2 June 2020 at 8:00 am
Luke Michael
Nine in 10 investors believe that impact investing will become more significant over the next five years  

Luke Michael | 2 June 2020 at 8:00 am


Aussie impact investing market grows to $20 billion
2 June 2020 at 8:00 am

Nine in 10 investors believe that impact investing will become more significant over the next five years  

The Australian impact investing market has more than tripled over the past two years, and advocates believe strong investor confidence will endure despite the ongoing COVID-19 crisis.

A new study from Responsible Investment Association Australasia (RIAA) found the market has grown from $5.7 billion at the end of 2017 to $19.9 billion at the end of last year.

The report also contains new survey data showing that Australian investors intend to increase their allocation towards impact investments more than fivefold to $100 billion over the next five years.

Over the same period, 90 per cent of investors agree that impact investing will become a more significant part of the investment landscape.

RIAA CEO Simon O’Connor said now that responsible investment has gained mainstream traction in financial markets, the next iteration requires investors to demonstrate the real-world outcomes they are generating.

“As evidence mounts that companies with better records on social issues, environmental sustainability and good governance are more resilient to COVID market turbulence, this study shows a market delivering strong financial returns, while also positively impacting the lives of tens of thousands of people,” O’Connor said.

The Australian impact investment landscape is dominated by green, social and sustainability bonds ($17 billion), with real assets ($2.2 billion), private debt ($287 million), public equity ($195 million), private equity ($97 million), and social impact bonds ($66 million) also prevalent. 

These investments have resulted in wide-ranging benefits for the community, which include creating 32,000 homes for people who are either low-income, living with disability or transitioning out of homelessness; producing 84,000 GWh of renewable energy; and delivering 788,000 healthcare treatments and mental health interventions. 

COVID-19 is no reason for investors to panic

The RIAA’s survey of 125 investors was completed in January – before the full impact of COVID-19 was felt.

But O’Connor dispelled the notion that an economic downturn would make investors hesitant to consider impact investing.

“I think that almost the contrary is true, that in fact there will be a strengthening of convictions around the need for investors to consider a broader array of factors in their investments, including social and environmental factors,” he told Pro Bono News.

“That alignment is strong enough now so that this intention [to invest responsibly] is not going to waver.

“And this is important as we try to work out how we recover from COVID-19, how we rebuild our economy, how we create meaningful jobs and support healthy communities.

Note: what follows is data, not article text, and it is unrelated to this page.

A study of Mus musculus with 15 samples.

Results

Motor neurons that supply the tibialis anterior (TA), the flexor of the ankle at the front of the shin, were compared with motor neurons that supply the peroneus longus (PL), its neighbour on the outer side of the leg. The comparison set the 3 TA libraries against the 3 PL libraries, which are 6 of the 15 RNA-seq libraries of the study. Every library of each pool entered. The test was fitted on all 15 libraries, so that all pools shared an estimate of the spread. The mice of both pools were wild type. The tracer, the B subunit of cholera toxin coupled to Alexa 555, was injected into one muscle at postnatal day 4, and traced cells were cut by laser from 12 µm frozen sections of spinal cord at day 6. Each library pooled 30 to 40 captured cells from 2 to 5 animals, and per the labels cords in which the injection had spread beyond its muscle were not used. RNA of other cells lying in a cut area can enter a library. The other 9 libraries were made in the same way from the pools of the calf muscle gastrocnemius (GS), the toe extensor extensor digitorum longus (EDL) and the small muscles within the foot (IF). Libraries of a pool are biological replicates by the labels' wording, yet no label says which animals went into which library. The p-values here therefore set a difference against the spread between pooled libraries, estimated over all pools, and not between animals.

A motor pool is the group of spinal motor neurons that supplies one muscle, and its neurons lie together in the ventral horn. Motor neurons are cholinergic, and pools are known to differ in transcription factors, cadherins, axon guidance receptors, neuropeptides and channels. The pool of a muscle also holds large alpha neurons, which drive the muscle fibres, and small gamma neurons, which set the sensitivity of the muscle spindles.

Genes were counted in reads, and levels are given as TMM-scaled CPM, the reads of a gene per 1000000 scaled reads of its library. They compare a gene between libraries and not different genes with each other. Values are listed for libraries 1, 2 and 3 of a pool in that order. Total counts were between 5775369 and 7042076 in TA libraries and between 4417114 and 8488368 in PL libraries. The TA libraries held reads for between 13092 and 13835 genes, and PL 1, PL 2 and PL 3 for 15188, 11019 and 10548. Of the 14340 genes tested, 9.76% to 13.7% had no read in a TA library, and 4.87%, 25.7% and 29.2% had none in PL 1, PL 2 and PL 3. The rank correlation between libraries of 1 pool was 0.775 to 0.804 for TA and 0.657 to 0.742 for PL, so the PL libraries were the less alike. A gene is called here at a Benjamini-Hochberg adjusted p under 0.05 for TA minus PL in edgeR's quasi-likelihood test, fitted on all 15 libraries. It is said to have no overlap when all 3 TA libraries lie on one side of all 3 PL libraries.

Hanna Ebeling, the CEO of Social Enterprise Finance Australia (SEFA), agreed that the appetite for impact investing will remain strong. 

But she told Pro Bono News there might be some short-term pain.

“In the immediate short term, people will potentially be more distracted and even cautious around investments, whether that’s around impact or more traditional investing,” Ebeling said.

“But in the medium to long term, already I’ve heard voices in the market say that impact capital can actually help to build back better. So we believe that the [for-purpose community] is actually very well placed to help us get out of this crisis. 

Ebeling added that impact investing was vital for the viability of community organisations.

She noted the success of Shopfront Arts Co-op, which delivers outreach, accessibility and emerging artist programs to culturally and linguistically diverse people, those with disability and at-risk youth. 

SEFA worked with Shopfront to help it secure more than $2 million in impact capital – including $350,000 in philanthropic support from the Vincent Fairfax Family Foundation – which allowed it to support an extra 1,160 participants and generate rental income from six additional offices and a new large rehearsal/performance space. 

“It’s a good example of a blended transaction. SEFA is often the orchestrator in the middle trying to move a project along, and trying to find a balance between the government grants and philanthropic contributions,” Ebeling said. 

“At the same time it’s about supporting an organisation to build up its internal capacity to actually make best use of investments.”

Scaling social impact investments

RIAA’s research follows the release of a new report from UTS Business School examining how to scale up social impact investing in Australia. 

UTS researchers collaborated with the NSW Office of Social Impact Investment (OSII) and key stakeholders to review current NSW social impact investment programs and consider future approaches.

The report highlighted a number of potential ways to scale investments, including by developing and implementing social impact bonds simultaneously or sequentially with the same provider.

It also examined several barriers to success, such as capacity limits and jurisdictional challenges in the execution stage, managing risk and picking metrics in the negotiation stage, and resourcing post-completion.

The full report can be seen here

Luke Michael  |  Journalist  |  @luke_michael96

Luke Michael is a journalist at Pro Bono News covering the social sector.